5 Fun Facts About the Summer Solstice


The summer solstice always brings memories of playing outside as late as possible to test just how long the sun stays up. Such recollections often meant a camera was close by to take advantage of the sun’s lasting rays. When peering through old photographs and film transfers, have you noticed that your family took a lot of pictures in the summer? Makes sense due to the celebratory sensations warm weather and long daylight hours can bring!

 

Such feelings of merriment have been around for centuries. We’ve compiled some fun facts about the solstice to give you a better idea of why this summer holiday has been cherished through the years.

 

Hotter Temperatures Occur When We’re Farther From the Sun

Did you know the northern hemisphere is closest to the sun in early January? But this difference isn’t significant enough to affect the temperature. The reason we experience a hotter season with longer daylight hours in the summer has to do with the earth’s tilt on its axis. The North Pole is tilted toward the sun in the summer months, which is why our hemisphere has longer daylight hours with more intense sunlight (hence the heat).

 

The Farther North You Are, the More Daylight You Enjoy

In the shoulder seasons the sun is typically up for 12 hours. In places more south like Hawaii the solstice will have 13.5 hours of daylight. In Vermont, there will be 15.5 hours of daylight. Many solstice traditions are derived from northern European nations. Makes sense considering the amount of daylight hours they have during the solstice is drastically different compared to the long, dark winters near the artic circle.

Due to the earth’s tilt, the northern tip will receive full sunlight on the solstice. For most of the summer, the nights are very short at this time of year. But on the contrary, in the winter it’s dark for most or all of the day. If you’ve ever wanted to visit Alaska, go in the summer and you’ll have a full day (literally) to enjoy outdoor activities. Just remember to bring a sleep mask if you have trouble snoozing in light!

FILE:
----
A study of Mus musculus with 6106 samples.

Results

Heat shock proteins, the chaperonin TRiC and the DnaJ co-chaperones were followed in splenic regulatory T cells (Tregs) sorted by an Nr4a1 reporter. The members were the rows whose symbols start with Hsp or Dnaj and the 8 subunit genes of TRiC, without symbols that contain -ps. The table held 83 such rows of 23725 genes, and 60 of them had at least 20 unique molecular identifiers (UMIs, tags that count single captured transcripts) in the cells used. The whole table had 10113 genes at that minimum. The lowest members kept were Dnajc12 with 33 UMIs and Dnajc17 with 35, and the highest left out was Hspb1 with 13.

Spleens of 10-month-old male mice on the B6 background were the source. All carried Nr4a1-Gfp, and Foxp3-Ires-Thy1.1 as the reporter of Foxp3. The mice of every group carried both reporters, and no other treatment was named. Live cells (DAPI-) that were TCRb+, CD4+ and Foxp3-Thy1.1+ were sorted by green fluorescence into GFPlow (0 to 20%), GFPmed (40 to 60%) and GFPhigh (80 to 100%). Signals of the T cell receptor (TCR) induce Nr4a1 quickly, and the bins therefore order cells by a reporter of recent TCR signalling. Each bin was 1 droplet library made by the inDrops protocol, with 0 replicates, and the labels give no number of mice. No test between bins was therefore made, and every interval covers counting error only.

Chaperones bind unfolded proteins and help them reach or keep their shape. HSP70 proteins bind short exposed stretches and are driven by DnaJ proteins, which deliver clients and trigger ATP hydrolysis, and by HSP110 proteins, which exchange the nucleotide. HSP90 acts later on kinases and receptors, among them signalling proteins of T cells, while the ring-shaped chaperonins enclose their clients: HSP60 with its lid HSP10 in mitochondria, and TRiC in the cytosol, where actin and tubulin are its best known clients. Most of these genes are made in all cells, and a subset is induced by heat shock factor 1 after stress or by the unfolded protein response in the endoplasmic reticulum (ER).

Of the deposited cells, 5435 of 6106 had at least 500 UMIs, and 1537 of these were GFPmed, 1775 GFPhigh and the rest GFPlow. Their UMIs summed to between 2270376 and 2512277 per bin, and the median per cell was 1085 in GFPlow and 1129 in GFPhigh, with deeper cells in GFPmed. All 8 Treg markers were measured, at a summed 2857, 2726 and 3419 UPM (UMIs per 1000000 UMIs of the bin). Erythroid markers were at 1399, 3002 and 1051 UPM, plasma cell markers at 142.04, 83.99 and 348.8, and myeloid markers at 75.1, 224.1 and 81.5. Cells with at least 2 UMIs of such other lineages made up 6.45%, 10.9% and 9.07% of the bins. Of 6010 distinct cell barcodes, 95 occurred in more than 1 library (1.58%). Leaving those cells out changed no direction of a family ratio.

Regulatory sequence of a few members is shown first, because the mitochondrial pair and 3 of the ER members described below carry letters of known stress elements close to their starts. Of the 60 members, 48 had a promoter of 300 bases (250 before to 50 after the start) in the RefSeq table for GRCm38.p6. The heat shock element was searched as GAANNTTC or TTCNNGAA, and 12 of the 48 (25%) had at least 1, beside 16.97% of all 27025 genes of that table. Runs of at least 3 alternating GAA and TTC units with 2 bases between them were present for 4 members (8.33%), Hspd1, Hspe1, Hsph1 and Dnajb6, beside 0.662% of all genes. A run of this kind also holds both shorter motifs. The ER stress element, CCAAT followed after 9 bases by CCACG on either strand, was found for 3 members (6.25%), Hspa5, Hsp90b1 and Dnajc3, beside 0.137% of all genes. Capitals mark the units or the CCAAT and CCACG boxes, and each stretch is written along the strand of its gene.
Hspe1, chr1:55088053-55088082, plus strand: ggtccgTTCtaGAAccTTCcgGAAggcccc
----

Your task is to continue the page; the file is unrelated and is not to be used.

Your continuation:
Evening Bonfires Have Been a Solstice Tradition for Centuries

Summer campfires are a timeless summer occasion no matter where you live or how old you are! Our ancestors thought the same thing too. Celtic, Germanic, and Slavic groups in Europe used to welcome the summer solstice with bonfires because they believed the fire would harness the sun’s energy for the continuing months into harvest season.

Some folklore thought ash from a solstice fire could protect spectators from misfortune. Slavic celebrators would even jump over fires to cleanse the body and bring marriage fortune. Although leaping over flames might sound fun, we don’t recommend trying this party trick at your next gathering!

 

Agricultural Abundance Inspired Festivities

In Greek culture the god of agriculture was worshipped and servants were given equal rights to their owners during this holiday. For Egyptians, the solstice brought the beginning of the Nile flooding and thus a fruitful season full of food. To this day, the summer brings bountiful harvests as most communities enjoy farmer’s markets and outdoor feasts.

 

The Solstice is a Historically Popular Time for Weddings

Druids considered the solstice a ‘marriage of day and night.’ Therefore many couples wed in June due to its association with luck.  The midsummer moon was called the ‘Honey Moon’ and most ceremonies included honey in rituals. Another reason weddings were popular at this time was because having a child in early spring meant the baby had a better chance of surviving, and June is exactly nine months prior. Summertime is still considered a popular wedding season, and who knows, you might even have one marked on your calendar for this weekend!

 

Between weddings and bonfires, the solstice is the perfect time to celebrate the long summer nights with friends and family. And don’t forget to capture every moment with plenty of pictures.